Art Works Blog

Poetry Out Loud: Through the Judges' Eyes

Without a doubt, the young competitors of Poetry Out Loud have a tough job---not only do they have to memorize three poems word perfect, but they then have to recite those poems in front of a crowded auditorium knowing they are being judged on their accuracy, physical presence, voice and articulation, dramatic appropriateness, level of difficulty, and understanding of the poem.

Turns out that the judges have an equally tough job. By the time this year's national competitors arrive in Washington, DC in late April, they will have bested 350,000 other students to win their state championships. In other words, the judges will be looking not just to select the best competitor, but the best of the best. Talk about pressure!

Today we're chatting with two past Poetry Out Loud judges---poet and American University professor Kyle Dargan and former Alaska State Writer Laureate Peggy Shumaker---about their experience as judges.

At #POL11, a state champ takes to the hallway to go over her poems one last time. Photo by James Kegley

KYLE DARGAN

NEA: What three words would you pick to describe Poetry Out Loud?

KYLE DARGAN: Inspiring. Thrilling. Heartbreaking (if your favorite doesn't make it).

NEA: When and where were you a POL judge? How did you get involved?

DARGAN: I was a semi-finals judge for the national competition held last year (2012) in Washington, D.C.

NEA: What do you think is the most important thing to remember about judging a competition like POL?

DARGAN: Passion and precision---as well as performance and recitation---are different things. Is an enthralling performance of a poem exhibiting an awareness of poem's content, the inherent tenor and tone in its language? I value when the voice of the reciter leaves enough space to have a conversation with the voice of the poem.

NEA: What was your favorite part of the experience? Any moment or moments especially stand out to you?

DARGAN: There was a young woman from Tennessee, Anita Norman---only a high school freshman, I think, but she handled herself, and the poem, with such grace and pathos. (To me, that is.) She did not make the grand finals cut, but I had to seek her out afterwards and encourage her to try again. I was glad she drew me in enough for me to want to encourage her further.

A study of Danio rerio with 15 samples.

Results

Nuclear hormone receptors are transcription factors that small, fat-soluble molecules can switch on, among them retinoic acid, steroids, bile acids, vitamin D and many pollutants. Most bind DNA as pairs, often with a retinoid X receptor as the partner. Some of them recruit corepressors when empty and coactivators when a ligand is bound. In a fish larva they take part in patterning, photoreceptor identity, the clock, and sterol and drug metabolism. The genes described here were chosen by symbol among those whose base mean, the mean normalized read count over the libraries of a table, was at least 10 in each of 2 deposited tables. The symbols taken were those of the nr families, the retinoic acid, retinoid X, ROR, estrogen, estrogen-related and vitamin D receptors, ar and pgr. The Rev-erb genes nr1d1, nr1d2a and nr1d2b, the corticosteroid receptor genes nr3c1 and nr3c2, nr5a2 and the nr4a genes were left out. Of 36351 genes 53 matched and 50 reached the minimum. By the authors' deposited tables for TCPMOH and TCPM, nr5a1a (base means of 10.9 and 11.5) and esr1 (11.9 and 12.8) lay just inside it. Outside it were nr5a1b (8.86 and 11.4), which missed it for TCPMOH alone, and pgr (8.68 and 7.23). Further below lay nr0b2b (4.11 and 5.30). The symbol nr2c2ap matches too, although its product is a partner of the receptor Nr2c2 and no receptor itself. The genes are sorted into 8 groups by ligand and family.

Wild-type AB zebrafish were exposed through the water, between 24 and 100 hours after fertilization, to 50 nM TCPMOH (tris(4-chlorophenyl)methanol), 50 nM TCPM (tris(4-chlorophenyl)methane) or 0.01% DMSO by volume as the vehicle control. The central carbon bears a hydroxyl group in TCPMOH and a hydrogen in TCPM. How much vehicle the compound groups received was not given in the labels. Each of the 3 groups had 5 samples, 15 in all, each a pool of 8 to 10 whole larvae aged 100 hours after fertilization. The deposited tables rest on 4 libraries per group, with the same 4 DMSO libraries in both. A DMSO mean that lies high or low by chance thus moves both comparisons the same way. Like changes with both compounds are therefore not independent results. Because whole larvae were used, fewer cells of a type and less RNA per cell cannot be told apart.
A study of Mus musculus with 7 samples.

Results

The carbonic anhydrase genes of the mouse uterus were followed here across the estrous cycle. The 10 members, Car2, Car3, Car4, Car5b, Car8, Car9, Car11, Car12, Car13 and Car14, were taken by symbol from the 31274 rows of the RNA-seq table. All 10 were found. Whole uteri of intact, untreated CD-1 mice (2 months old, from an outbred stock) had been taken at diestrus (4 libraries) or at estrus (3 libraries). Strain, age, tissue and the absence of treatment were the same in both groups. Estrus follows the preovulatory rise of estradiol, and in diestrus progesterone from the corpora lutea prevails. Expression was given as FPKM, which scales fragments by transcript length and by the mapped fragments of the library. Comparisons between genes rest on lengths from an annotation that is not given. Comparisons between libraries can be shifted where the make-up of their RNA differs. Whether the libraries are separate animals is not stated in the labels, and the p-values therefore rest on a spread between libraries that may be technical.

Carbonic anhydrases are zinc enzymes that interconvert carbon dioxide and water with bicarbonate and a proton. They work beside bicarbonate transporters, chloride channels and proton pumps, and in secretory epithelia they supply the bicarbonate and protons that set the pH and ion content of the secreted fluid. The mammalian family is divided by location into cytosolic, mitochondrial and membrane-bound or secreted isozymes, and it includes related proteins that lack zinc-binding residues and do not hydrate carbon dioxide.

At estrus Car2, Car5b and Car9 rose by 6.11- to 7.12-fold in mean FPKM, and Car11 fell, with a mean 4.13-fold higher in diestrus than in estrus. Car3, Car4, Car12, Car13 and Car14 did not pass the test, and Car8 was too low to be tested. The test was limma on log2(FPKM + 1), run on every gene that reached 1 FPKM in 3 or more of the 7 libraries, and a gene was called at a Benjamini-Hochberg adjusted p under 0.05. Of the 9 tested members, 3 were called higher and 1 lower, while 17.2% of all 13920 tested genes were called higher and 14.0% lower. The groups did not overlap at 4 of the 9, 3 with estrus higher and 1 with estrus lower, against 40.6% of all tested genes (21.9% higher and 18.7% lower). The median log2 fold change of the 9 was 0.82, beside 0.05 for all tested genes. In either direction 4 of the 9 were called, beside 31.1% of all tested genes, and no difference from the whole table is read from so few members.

NEA: What would you say to encourage more students and schools to take part in POL?

DARGAN: The range of roles in the poetry world is wide. Though we all should be writers and readers and critics and reciters of poetry, you also need people who specialize in those different roles. So if you are not taken with writing or writing about poetry, maybe you are meant to be a reciter of poetry. We need everyone thriving and challenging themselves in their preferred roles in order to keep the poetry ecosystem vibrant and healthy. As a writer, I almost felt inadequate judging these students because I knew they could do things with recitation that I could not ever do. Again, everyone has something necessary to contribute to this adoration of language we call poetry.

The scholarships don't hurt either.

 

At #POL2011, some young competitors nervously wait to find out who's moving on to the next round of competition. Photo by James Kegley

PEGGY SHUMAKER

NEA: What three words would you pick to describe Poetry Out Loud?

PEGGY SHUMAKER; Vibrant. Essential. Human.

NEA: When and where were you a POL judge? How did you get involved?

SHUMAKER: I judged in 2012, in Juneau, Alaska at the Alaska State Finals. I was invited because I was the Alaska State Writer Laureate.

NEA: What do you think is the most important thing to remember about judging a competition like POL?

SHUMAKER: Honor each performer, each young person who has prepared in mind, heart, body, and soul to be speaking poems for all of us.

NEA: What was your favorite part of the experience? Any moment or moments especially stand out to you?

SHUMAKER: I loved watching the young people supporting one another. Each of them knew how challenging it had been to make it to the finals, and they were remarkable in their enthusiasm for one another.

NEA: What would you say to encourage more students and schools to take part in POL?

SHUMAKER: Knowing poems by heart will matter to you throughout your life. Having words to rely on will support you in hard times and lift you up in good times. In an MRI tube, for instance, you can say poems over the pounding. In the labor room, you can welcome a new human being with a poem. At your wedding or at the funeral of a loved one, you will reach for poems.

Be an armchair judge during #POL13! Visit our News Room to find out how to watch the April 29-30 Poetry Out Loud National Finals online, and how to register for a viewing party!